20 Confidence and Intervals

Some quick definitions to begin. Let’s say we have made an estimate from a model. To keep things simple, it could just be the sample mean.

A Confidence interval is the range within which we would expect the ‘true’ value to fall, 95% of the time, if we replicated the study.

A Prediction interval is the range within which we expect 95% of new observations to fall. If we’re considering the prediction interval for a specific point prediction (i.e. where we set predictors to specific values), then this interval woud be for new observations with the same predictor values.

A Bayesian Credible interval is the range of values within which we are 95% sure the true value lies, based on our prior knowledge and the data we have collected.

The problem with confidence intervals

Confidence intervals are helpful when we want to think about how precise our estimate is. For example, in an RCT we will want to estimate the difference between treatment groups, and it’s conceivable we would to want to know, for example, the range within which the true effect would fall 95% of the time if we replicated our study many times (although in reality, this isn’t a question many people would actually ask).

If we run a study with small N, intuitively we know that we have less information about the difference between our RCT treatments, and so we’d like the CI to expand accordingly.

So — all things being equal — the confidence interval reduces as we collect more data.

The problem with confidence intervals comes about because many researchers and clinicians read them incorrectly. Typically, they either:

• Forget that the CI represents only the precision of the estimate. The CI doesn’t reflect how good our predictions for new observations will be.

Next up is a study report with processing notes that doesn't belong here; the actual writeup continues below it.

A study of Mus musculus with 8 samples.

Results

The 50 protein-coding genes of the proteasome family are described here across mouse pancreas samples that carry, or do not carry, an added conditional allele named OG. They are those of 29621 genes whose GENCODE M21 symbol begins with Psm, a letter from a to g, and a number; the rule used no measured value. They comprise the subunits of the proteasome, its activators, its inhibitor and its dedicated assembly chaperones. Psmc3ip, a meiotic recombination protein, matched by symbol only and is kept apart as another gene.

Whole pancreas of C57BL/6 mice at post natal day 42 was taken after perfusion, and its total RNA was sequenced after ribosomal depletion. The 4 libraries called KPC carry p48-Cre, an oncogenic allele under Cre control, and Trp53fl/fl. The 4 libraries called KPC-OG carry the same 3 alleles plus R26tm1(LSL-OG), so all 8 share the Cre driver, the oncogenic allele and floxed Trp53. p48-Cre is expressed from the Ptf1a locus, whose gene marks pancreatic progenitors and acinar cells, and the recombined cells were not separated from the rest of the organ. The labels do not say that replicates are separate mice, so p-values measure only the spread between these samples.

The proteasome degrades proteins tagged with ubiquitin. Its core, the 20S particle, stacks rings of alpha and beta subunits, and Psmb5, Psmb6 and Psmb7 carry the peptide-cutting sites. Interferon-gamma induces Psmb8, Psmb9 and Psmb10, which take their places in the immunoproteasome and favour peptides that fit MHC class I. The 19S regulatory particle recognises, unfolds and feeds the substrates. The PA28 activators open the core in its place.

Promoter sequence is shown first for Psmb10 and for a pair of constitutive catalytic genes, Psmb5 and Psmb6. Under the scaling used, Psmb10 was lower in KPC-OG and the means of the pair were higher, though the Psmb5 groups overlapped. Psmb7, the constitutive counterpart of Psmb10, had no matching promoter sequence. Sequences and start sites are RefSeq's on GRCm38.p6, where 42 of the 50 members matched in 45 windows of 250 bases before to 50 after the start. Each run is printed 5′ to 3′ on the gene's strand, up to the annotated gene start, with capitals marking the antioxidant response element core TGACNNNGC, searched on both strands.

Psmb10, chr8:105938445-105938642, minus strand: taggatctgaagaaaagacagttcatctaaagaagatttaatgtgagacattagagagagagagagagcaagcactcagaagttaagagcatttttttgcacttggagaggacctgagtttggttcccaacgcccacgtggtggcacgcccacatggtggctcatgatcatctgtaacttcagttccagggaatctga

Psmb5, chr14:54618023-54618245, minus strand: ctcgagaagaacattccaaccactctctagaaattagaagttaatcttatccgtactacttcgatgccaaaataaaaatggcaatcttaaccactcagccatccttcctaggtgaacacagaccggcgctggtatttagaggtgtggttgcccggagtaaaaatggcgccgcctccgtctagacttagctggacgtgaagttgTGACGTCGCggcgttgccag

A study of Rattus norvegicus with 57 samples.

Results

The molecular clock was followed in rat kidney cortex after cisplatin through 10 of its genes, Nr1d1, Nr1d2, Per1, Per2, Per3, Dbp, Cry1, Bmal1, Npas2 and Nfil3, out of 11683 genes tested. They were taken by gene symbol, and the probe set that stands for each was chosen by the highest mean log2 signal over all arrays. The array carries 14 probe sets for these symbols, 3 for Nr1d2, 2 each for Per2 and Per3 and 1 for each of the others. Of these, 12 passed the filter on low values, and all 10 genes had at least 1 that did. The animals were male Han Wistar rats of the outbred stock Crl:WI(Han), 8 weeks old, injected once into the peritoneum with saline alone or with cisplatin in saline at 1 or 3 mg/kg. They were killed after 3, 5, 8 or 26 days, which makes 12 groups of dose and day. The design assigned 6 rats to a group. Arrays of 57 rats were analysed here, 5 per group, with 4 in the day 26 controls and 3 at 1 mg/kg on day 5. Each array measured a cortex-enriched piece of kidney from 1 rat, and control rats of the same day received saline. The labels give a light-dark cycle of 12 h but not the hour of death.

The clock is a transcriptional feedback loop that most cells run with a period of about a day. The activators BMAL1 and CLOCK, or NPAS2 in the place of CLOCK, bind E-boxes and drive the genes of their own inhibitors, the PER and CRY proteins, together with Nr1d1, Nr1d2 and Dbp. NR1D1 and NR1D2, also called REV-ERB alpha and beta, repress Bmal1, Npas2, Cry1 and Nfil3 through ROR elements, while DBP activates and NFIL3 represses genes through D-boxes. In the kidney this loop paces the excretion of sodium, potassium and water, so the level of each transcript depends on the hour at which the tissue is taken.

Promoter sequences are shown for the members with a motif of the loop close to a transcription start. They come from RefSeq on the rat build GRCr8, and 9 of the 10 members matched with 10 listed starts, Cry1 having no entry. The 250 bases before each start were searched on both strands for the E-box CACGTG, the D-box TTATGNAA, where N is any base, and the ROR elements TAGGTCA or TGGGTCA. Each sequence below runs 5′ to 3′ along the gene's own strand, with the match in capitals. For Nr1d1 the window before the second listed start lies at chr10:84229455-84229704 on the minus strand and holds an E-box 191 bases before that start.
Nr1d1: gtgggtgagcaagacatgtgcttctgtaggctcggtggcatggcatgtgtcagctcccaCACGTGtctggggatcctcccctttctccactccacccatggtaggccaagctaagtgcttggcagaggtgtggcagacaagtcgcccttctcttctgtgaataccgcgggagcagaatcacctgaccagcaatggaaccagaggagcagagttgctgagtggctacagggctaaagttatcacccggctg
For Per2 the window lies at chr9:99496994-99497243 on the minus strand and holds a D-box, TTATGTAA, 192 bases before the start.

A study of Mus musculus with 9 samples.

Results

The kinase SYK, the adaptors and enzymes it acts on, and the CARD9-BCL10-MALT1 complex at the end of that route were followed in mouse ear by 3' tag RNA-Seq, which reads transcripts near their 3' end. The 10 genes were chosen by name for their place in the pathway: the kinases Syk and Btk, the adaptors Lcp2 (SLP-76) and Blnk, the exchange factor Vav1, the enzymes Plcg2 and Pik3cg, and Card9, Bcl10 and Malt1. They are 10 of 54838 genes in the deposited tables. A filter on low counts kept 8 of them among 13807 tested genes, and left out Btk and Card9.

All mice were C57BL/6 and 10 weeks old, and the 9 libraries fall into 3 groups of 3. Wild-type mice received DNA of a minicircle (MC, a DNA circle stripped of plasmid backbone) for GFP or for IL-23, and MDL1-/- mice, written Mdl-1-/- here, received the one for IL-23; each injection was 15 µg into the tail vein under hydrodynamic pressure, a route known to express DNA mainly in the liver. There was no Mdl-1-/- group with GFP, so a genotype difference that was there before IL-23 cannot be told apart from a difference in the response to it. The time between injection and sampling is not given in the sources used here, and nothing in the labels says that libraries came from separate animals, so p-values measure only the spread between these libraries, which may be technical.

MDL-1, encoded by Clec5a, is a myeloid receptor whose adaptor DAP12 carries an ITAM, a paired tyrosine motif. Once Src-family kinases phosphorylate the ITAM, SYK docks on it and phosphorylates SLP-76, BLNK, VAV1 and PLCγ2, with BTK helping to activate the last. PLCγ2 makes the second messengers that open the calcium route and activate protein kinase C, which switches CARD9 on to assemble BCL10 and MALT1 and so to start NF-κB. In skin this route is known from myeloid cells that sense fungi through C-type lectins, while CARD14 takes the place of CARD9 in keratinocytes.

• Misinterpret the CI as the range in which we are 95% sure the true value lies.

Forgetting that the CI depends on sample size.

By forgetting that the CI contracts as the sample size increases, researchers can become overconfident about their ability to predict new observations. Imagine that we sample data from two populations with the same mean, but different variability:

set.seed(1234)
df <- expand.grid(v=c(1,3,3,3), i=1:1000) %>%
as_data_frame %>%
mutate(y = rnorm(length(.\$i), 100, v)) %>%
mutate(samp = factor(v, labels=c("Low variability", "High variability")))
Warning: as_data_frame() is deprecated, use as_tibble() (but mind the new semantics).
This warning is displayed once per session.
df %>%
ggplot(aes(y)) +
geom_histogram() +
facet_grid(~samp) +
scale_color_discrete("")
stat_bin() using bins = 30. Pick better value with binwidth.

• If we sample 100 individuals from each population the confidence interval around the sample mean would be wider in the high variability group.

If we increase our sample size we would become more confident about the location of the mean, and this confidence interval would shrink.

But imagine taking a single new sample from either population. These samples would be new grey squares, which we place on the histograms above. It does not matter how much extra data we have collected in group B or how sure what the mean of the group is: We would always be less certain making predictions for new observations in the high variability group.

The important insight here is that if our data are noisy and highly variable we can never make firm predictions for new individuals, even if we collect so much data that we are very certain about the location of the mean.